Pilgrimage vs Relgious Tourism


A pilgrimage is a journey taken for religious purposes; “…a physical journey to a special place, but also an inner spiritual journey” (Pilgrims)  and for many, life itself (Pilgrims 2012).  The act of pilgrimage and being a pilgrim is found in many religions where people have great faith and travel to and from a spiritual place that they deem sacred and worship there.   Pilgrimage is popular in Christianity, Buddhism, Hinduism, Islam, Judaism and Sikhism.  These pilgrims strengthen their faith by visiting places with the “spiritual presence of holy figures at the hearts of their traditions” (Pilgrims).  Their devotion and faith is proven while they view and experience religious landmarks.  Beyond traditional world religions, pilgrimage is also found in religious traditions of one culture or ethnic community (I.E. Shinto in Japan) as well as, newly formed religious movements that are popular today.

A spiritual place has some magical or “spiritual magnetism” that draw people to it.  Usually something out of the ordinary, a miracle and people travel to this site hoping to experience the same. The unusual, out of the ordinary is not always associated with spirits or apparitions like the Virgin Mary but also can be linked to a holy figure and founders and pilgrims trace the footsteps and create a sacred pilgrimage.  Many Catholics visit Medugorje in Bosnia where the Virgin Mary appeared to six teenagers and still continues to each year and many pilgrims claim to experience miracles.  Others follow Budda’s footsteps or Muslim pilgrimage, the haji, is associated with the footsteps and activities of the holy figure and replicates the farewell pilgrimage made to Mecca by the prophet Mohammed just prior to his death in 632CE.  “Pilgrims on the hajj follow in his footsteps and undertake activities he is said to have performed during this farewell pilgrimage” (Pilgrims 2012).

Christianity also focuses on relics — remains of a saint or articles that have been in contact with a saint and in which some of the saint’s power is believed to reside (Pilgrims 2012)  Relics also are an important focus of Buddhist pilgrimages.  People are also drawn to places, rivers or other places that are a part of the natural landscape. The” geographical landscape features may in and of themselves provide the impetus for the formation of a pilgrimage site, and serve as the magnet drawing people to them” (Pilgrim 2012).

Pilgrimages can be to far off places or even close to home and can have religious significance or in this world, can be the grave site of famous rock star such as Jimmy Hendrix or Elvis Presley.  What is important though with a pilgrimage is the “pilgrim” is on a “spiritual journey”  to renew and experience his faith at a deeper level.


Religious Tourism  is tourism that is motivated by faith or religious reasons.  Recently, it has been suggested that modern tourism “…has become the functional and symbolic equivalent of more

traditional religious practices, such as festivals and pilgrimages” ( Sharpley 2005).    People visiting religious sites may be only one element of a multifunctional trip.  Vukonic suggests that free time often becomes a “…a space for the contemplative and the creative, a unity of thought and action” (1996) while at the same time give folks time to identify and nurture their spiritual needs.  That time can be viewed as a spiritual or sacred journey.  Graburn (1989) observed “tourism is functionally and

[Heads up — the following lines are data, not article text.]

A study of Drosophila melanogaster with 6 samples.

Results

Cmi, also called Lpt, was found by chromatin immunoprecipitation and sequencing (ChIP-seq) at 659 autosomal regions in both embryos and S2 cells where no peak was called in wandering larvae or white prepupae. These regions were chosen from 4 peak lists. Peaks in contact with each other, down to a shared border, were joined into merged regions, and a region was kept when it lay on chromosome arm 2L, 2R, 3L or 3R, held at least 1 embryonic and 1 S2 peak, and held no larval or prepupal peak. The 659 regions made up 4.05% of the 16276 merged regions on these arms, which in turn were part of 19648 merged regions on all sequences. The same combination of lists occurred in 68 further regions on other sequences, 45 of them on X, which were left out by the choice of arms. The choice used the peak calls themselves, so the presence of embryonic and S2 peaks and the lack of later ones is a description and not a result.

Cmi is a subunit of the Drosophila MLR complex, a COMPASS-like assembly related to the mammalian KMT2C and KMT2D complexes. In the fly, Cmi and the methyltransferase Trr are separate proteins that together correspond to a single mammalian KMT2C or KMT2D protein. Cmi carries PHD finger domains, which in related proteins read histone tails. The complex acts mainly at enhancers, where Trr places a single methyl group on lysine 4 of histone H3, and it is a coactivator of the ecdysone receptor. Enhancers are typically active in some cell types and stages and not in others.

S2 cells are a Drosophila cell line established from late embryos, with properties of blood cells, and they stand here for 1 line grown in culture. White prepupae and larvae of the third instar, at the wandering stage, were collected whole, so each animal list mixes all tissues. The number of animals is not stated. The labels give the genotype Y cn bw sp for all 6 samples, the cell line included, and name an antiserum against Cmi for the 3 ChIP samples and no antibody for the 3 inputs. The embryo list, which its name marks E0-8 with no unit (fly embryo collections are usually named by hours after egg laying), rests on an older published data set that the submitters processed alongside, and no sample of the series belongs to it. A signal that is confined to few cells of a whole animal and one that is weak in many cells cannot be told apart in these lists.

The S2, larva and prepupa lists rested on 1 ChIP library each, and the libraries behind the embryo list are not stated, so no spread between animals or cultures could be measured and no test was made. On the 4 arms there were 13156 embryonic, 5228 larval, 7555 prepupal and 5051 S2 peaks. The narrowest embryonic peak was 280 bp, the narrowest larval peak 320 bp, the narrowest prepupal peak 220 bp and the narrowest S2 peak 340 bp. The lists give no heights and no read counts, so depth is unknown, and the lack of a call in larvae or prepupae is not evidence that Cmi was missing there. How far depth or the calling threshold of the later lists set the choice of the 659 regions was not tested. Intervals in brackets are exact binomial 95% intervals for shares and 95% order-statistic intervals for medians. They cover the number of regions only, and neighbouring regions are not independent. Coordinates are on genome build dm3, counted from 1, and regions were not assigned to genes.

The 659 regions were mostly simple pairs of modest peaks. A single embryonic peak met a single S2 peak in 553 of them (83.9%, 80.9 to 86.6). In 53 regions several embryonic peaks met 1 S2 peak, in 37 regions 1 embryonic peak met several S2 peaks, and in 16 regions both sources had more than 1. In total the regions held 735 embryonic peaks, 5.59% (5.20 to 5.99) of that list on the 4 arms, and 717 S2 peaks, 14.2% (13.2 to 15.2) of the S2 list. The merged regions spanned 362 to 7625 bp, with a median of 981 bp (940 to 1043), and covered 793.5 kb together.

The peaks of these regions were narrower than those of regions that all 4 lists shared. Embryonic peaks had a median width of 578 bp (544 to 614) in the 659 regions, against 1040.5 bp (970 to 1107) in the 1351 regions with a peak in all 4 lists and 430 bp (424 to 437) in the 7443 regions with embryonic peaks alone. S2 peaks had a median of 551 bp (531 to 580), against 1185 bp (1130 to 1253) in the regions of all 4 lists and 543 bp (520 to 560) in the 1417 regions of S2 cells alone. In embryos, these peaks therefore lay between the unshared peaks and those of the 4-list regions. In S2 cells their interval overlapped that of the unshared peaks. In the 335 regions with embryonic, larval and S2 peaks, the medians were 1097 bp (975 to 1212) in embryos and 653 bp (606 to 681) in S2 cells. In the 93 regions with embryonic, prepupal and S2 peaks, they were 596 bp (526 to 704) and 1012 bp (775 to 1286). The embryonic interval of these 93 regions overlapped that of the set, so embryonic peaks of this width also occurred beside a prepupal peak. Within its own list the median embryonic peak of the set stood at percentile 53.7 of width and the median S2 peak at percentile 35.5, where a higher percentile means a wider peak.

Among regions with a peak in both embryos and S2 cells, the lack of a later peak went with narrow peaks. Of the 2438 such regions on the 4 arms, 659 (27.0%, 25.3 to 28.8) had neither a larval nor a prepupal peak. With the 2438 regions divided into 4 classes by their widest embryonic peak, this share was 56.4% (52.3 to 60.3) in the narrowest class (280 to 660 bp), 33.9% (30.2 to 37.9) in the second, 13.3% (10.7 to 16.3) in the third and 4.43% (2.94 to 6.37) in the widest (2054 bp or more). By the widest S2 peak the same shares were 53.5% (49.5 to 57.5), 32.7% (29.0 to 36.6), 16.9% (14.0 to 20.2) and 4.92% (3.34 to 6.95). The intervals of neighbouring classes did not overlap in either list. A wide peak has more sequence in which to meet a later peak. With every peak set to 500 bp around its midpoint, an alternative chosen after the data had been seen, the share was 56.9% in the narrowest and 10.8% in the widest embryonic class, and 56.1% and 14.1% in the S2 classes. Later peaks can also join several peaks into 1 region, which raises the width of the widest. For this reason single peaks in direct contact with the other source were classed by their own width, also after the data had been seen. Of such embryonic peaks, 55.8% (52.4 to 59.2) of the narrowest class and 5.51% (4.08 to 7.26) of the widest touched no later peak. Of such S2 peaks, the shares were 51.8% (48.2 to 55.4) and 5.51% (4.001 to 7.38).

symbolically equivalent to other institutions that humans use to embellish and add meaning to their lives’; it may be understood either as a regular secular ritual (the annual vacation) that acts as a counterpoint to everyday life and work or as a more specific rite of passage or ‘personal transition in people’s lives”.  On one extreme there is the individual who is driven by faith, spiritual fulfillment and religion to the tourist who visits religious sites for cultural reason thus adding meaning to their life.

                According to Smith (1992), tourism and pilgrimage are similar in that both tourists and pilgrims share the same important requirements to undertake their journey– free (leisure) time, sufficient financial resources and social approval.  Many religious sites are given the status of an icon or spiritual place and tourist flock to the area.  Pilgrims are seen as having a legitimate pursuit of spiritual fulfillment whereas the tourist may be seeking cultural fulfillment and souvenirs or mementos.  A tourist can be as driven as a pilgrim and some suggest that all tourists are modern day pilgrims on a searching for authenticity (MacCannell 1989).  Tourists seek to satisfy personal and spiritual needs.  Tourist may have sacred vacation and provide personal meaning.  Smith (1992) suggests pilgrimage and tourism may be thought of “two parallel, interchangeable lanes’ following different quests – the religious and the secular”.

References Cited

2005 Bosnia and Herzegovina.  Medugorie Pilgrimage.  Electronic document.  http://www.bhtourism.ba/eng/medugorje.wbsp.  April 25, 2013.

Dyas, Dee and Ian Reader.

2012  Pilgrims and Pilgrimages.  University of York.  Electronic document

http://www.york.ac.uk/projects/pilgrimage/map.htm.  April 25, 2013.

Graburn, Nelson

 1989  “Tourism: the sacred journey”.  Hosts and Guests: The Anthropology of Tourism.  University of Pennsylvania Press: Philadelphia; 21–36.

MacCannell, Dean

 1989  The Tourist: a New Theory of the Leisure Class.  Shocken Books: New York.

Sharpley, Richard and Priya Sundaram

2005  “Tourism: a Sacred Journey?  The Case of Ashram Tourism, India”. International Journal of Tourism Research.  7(3): 161-171.

Smith V.L.

1992. “Pilgrimage and Tourism” Annals of Tourism Research.  19 (1) Electronic document.  April 25 2013.

Vukonic, Boris

1996  Tourism and Religion. Pergamon Press : Oxford.